Accused of 'malicious reporting', French journalist Vanessa Dougnac leaves India

In her statement, Dougnac said the MHA denied her the right to work as a journalist without providing reasons, justifications, or a hearing

Vanessa Dougnac, accused by the Indian government of biased reporting, leaves India after two decades (photo: @RSF_inter/X)
Vanessa Dougnac, accused by the Indian government of biased reporting, leaves India after two decades (photo: @RSF_inter/X)

NH Digital

French journalist Vanessa Dougnac, accused by the Modi government of engaging in "malicious" reporting and violating regulations, has issued a statement announcing her departure from the country.

Dougnac, the longest serving foreign correspondent in India, who lived in the country for more than two decades and served as the former South Asia correspondent for French publications La Croix, Le Point, Le Temps, and Le Soir, left India on Friday, asserting that she was compelled to do so by the Indian government.

In her statement released on the evening of Friday, 16 February, Dougnac revealed that 16 months ago, the ministry of home affairs (MHA) denied her the right to work as a journalist without providing any reasons, justifications, or a hearing.

"I am writing these words in tears," she wrote. “Today, I am leaving India, the country where I came 25 years ago as a student, and where I have worked for 23 years as a journalist. The place where I married, raised my son, and which I call my home.

"…I am being forced to leave by the Government of India. Sixteen months ago, the Ministry of Home Affairs (MHA) denied my right to work as a journalist, providing no reasons nor justifications, and no hearing.”

The MHA and the ministry of external affairs (MEA) have refrained from commenting on the situation. The controversy came to light on 18 January, just days before French President Emmanuel Macron's scheduled visit to India as the chief guest for the Republic Day parade.

The home ministry had issued a notice to Dougnac, asking why her Overseas Citizen of India (OCI) card should not be cancelled. The notice accused her of creating a "biased negative perception" of the country and gave her a 15-day deadline until 2 February to respond.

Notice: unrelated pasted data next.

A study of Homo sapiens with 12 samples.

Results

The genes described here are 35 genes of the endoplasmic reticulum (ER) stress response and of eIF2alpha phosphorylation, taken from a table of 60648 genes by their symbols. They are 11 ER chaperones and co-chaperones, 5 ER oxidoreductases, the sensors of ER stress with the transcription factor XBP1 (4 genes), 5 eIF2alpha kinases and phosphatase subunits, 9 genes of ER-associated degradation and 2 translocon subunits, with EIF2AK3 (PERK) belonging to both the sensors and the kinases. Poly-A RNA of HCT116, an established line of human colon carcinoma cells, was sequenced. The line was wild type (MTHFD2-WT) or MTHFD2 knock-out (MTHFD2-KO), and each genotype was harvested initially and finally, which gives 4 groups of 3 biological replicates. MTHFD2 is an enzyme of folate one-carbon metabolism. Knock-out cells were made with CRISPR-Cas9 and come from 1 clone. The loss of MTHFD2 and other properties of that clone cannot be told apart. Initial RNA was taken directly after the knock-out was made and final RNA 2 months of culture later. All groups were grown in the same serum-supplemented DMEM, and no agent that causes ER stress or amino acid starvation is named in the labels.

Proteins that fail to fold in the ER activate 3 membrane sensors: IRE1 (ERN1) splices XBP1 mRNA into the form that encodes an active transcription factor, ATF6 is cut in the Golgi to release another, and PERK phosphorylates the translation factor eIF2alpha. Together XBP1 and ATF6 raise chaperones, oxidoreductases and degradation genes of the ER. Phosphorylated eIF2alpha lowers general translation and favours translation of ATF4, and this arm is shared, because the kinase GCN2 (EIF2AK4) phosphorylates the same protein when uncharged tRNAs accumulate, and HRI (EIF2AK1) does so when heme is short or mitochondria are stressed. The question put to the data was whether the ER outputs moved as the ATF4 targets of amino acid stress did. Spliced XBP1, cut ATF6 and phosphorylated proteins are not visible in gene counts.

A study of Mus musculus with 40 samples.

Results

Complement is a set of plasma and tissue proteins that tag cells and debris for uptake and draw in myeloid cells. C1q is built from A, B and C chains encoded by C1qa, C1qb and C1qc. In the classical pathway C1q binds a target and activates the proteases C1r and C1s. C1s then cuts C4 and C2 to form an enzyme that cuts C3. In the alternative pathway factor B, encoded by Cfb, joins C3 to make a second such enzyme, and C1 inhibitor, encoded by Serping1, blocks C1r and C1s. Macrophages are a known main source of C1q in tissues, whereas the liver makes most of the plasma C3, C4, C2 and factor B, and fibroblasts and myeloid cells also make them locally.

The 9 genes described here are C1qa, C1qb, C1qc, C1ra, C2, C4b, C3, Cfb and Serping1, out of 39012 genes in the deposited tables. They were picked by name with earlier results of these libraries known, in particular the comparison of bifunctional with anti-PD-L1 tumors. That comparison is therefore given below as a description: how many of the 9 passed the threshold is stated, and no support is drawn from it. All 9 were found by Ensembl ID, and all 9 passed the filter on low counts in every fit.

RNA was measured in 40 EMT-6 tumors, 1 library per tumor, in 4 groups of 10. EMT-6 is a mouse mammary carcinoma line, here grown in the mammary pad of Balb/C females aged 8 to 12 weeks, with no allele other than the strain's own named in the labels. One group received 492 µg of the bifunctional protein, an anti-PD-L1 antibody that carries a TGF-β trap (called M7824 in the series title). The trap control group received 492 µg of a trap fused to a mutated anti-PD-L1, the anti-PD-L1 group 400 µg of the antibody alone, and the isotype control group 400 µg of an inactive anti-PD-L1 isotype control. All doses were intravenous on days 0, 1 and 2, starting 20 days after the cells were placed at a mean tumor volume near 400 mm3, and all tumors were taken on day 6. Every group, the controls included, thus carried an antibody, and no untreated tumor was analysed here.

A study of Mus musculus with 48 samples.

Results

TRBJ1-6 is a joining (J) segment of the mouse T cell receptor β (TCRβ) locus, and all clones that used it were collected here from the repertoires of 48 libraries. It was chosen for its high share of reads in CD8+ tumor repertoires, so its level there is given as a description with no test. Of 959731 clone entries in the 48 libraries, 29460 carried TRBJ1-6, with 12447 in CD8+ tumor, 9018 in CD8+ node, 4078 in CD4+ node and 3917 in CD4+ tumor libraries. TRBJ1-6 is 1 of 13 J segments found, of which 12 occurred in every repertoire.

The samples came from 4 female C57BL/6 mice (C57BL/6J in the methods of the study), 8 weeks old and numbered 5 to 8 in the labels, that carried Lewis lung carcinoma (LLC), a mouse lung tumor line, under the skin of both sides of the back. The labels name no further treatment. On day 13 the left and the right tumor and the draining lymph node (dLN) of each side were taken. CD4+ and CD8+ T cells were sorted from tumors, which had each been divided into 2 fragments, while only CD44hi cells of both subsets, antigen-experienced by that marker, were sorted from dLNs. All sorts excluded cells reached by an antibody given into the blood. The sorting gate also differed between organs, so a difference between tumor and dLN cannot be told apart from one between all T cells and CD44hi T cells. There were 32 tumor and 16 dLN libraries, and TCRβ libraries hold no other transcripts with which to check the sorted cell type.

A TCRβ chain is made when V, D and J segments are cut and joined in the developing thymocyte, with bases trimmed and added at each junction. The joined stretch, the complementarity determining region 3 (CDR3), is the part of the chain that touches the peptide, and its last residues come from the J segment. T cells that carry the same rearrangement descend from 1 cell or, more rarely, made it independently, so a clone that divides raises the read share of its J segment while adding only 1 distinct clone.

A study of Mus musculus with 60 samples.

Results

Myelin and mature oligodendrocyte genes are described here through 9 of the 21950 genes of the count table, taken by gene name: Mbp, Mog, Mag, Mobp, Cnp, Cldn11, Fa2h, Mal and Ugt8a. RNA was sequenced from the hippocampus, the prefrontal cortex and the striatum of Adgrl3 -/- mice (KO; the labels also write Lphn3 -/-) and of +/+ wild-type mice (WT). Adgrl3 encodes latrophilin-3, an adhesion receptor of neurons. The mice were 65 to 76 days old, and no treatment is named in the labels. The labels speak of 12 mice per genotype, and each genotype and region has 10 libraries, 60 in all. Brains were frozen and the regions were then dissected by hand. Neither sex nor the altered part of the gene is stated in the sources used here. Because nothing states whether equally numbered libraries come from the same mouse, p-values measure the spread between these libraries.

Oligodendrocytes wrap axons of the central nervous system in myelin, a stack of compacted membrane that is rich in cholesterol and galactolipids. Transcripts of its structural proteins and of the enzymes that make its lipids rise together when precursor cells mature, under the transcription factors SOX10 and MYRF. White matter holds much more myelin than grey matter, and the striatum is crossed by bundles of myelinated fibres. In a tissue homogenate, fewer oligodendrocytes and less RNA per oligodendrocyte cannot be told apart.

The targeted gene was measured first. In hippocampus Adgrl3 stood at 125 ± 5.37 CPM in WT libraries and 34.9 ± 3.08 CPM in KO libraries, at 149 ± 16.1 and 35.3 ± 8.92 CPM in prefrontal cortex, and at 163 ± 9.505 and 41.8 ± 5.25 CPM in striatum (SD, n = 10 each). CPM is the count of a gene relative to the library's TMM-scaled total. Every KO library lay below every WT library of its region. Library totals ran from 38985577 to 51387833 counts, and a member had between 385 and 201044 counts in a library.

In her recent statement, Dougnac lamented the MHA's lack of response to her repeated requests for explanations or a review of what she deemed an "arbitrary action".

She emphasised that she is currently unable to work, facing unfair accusations of prejudicing the interests of the state, and has concluded that continuing to live in India and earning a livelihood is no longer feasible.

While expressing her commitment to fighting the accusations through legal channels, Dougnac acknowledged the urgency of her situation and the inability to wait for the outcome of legal proceedings.

She described the proceedings related to her OCI status as distressing, especially as she perceives them as part of a broader effort by the Government of India to suppress dissent within the OCI community.

Notably, the Indian foreign secretary suggested that the case was less about journalism and more related to compliance with rules and regulations in India. He emphasised that individuals are free to pursue activities for which they are accredited.

In her statement, however, Dougnac claimed the authorities had earlier suggested she change her profession. “But I am a journalist, a profession that I hold dear to my heart, and I cannot agree to give it up because of unproven accusations,” she said.